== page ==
They never said this election would be easy, and many certainly didn’t think we might be facing our 6th Prime Minister in as many years.
According to the latest polls, Malcolm Turnbull’s campaign has not been doing him any favours, and for the first time the formerly popular PM has slid behind Bill Shorten as preferred Prime Minister.
It’s a big change, even though it’s 51-49 Shorten to Turnbull, because polls haven’t been like this since Abbott was in power.
Despite this, the latest Fairfax-Ipsos poll shows 55 per cent of voters expect the Coalition to survive the election, and 75 per cent of respondents say they will make their decision on policy rather than leadership performance.
There is now just under a month to go to election day, and it’s predicted this could be a neck and neck race to the finish line.
After two leadership debates that failed to show a clear winner, there’s every chance of a hung parliament, and every chance Australians won’t be happy with the results, regardless of who wins.
According to Fairfax, the latest poll showing Bill Shorten leading preferred PM suggests voters are now genuinely considering throwing out a first-term federal government – something that has not occurred since the 1930s depression.
However there mightn’t be a huge reason to celebrate yet as the Liberal party has strength in the large state of Queensland, where its primary support is 48 per cent to Labor’s 35.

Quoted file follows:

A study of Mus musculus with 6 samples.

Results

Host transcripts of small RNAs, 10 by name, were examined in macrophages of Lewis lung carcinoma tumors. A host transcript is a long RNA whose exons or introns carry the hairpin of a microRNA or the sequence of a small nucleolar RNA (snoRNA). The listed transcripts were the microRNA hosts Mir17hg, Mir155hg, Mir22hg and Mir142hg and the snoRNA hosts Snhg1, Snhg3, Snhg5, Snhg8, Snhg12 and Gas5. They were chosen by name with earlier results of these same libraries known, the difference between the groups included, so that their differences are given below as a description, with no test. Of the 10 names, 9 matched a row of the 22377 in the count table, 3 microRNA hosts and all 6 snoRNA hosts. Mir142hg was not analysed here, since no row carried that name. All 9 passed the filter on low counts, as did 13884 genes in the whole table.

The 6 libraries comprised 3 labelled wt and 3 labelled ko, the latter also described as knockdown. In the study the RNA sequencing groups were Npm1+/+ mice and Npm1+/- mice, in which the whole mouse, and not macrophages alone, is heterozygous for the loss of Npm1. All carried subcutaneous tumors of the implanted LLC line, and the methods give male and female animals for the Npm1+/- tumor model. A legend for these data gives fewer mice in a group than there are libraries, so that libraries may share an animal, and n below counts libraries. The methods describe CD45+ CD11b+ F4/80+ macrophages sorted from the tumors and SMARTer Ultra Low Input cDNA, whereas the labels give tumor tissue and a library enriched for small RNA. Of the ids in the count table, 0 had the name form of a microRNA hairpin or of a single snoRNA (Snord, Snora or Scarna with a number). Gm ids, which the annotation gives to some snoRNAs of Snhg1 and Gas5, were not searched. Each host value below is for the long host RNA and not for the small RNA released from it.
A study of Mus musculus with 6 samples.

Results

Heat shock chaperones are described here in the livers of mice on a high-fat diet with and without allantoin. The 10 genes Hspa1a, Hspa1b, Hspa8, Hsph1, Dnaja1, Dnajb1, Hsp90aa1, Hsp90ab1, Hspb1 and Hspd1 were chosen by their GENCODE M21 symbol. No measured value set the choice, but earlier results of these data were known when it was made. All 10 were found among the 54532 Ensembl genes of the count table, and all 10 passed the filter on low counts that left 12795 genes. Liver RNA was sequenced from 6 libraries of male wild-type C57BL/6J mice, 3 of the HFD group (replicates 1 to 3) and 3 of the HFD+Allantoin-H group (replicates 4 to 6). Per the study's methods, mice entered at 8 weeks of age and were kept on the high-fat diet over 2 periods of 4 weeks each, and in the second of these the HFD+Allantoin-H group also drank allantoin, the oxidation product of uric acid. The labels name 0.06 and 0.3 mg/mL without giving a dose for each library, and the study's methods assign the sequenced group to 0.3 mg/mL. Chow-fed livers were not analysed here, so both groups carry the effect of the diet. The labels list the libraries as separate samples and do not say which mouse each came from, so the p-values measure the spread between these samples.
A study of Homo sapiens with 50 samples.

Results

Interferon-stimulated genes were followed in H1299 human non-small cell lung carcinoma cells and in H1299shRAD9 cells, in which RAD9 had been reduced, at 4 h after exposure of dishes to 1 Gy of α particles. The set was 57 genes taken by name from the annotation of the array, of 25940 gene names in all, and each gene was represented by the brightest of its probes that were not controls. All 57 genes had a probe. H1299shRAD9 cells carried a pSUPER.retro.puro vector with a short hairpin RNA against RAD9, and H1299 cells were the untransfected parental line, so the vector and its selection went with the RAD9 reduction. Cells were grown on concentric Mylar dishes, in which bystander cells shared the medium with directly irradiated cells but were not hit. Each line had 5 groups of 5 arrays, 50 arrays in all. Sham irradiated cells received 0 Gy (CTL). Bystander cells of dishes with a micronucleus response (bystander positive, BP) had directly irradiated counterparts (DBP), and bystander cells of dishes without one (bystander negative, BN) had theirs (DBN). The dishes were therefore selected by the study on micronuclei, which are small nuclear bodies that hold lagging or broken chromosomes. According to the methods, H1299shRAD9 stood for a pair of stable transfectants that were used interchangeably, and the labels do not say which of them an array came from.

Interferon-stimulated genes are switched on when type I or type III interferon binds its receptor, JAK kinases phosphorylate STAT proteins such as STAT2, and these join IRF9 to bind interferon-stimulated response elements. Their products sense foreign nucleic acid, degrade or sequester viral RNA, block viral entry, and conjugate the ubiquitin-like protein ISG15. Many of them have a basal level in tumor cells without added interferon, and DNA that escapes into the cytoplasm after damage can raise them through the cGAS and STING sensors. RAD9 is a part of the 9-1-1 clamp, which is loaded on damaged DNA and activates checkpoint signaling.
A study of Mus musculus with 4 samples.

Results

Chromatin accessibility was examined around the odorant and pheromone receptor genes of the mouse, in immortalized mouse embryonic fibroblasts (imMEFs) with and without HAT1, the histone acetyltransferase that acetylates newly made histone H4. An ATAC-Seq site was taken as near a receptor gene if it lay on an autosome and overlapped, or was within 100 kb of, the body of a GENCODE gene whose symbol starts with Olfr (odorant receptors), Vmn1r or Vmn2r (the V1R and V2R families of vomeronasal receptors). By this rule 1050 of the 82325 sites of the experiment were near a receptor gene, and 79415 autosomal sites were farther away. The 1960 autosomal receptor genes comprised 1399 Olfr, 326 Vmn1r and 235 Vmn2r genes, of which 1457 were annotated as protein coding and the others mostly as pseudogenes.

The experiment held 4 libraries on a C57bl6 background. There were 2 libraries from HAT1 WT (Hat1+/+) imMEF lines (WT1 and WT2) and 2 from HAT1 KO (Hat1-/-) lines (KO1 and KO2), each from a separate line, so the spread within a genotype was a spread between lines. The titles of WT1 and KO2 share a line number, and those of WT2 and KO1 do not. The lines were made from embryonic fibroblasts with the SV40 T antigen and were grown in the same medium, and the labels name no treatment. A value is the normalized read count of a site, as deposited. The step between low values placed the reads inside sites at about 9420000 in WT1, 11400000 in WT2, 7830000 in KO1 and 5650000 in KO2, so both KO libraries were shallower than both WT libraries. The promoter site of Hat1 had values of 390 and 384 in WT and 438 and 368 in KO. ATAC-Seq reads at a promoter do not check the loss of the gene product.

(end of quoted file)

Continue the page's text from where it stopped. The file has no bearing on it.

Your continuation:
Mr Turnbull’s highest approval rating was plus-51 and plus-53 per cent in October and November respectively, shortly after.
Speaking yesterday in Adelaide, the PM talked about one of his most controversial policies.
“Our changes to superannuation are fair, they make the superannuation system more sustainable,” he said.
“Yes it is true that some people, around 4 per cent, either on very high incomes or who have very large super balances, will not have as generous a tax concession as they used to have.
“Let’s get real. Super remains enormously generous … remember, I’m the Prime Minister for all Australians.”
Mr Shorten was in Tasmania on his own campaign trail and refused to apologise for opposing business tax cuts describing them as unaffordable.
“There’s no comparison between 2011 and now … I choose Medicare, I choose to stand up for pensioners, I choose to stand up for well-funded schools. I do not choose a $50 billion tax giveaway and also, the $50 billion tax giveaway will have very little, if negligible impact upon jobs”.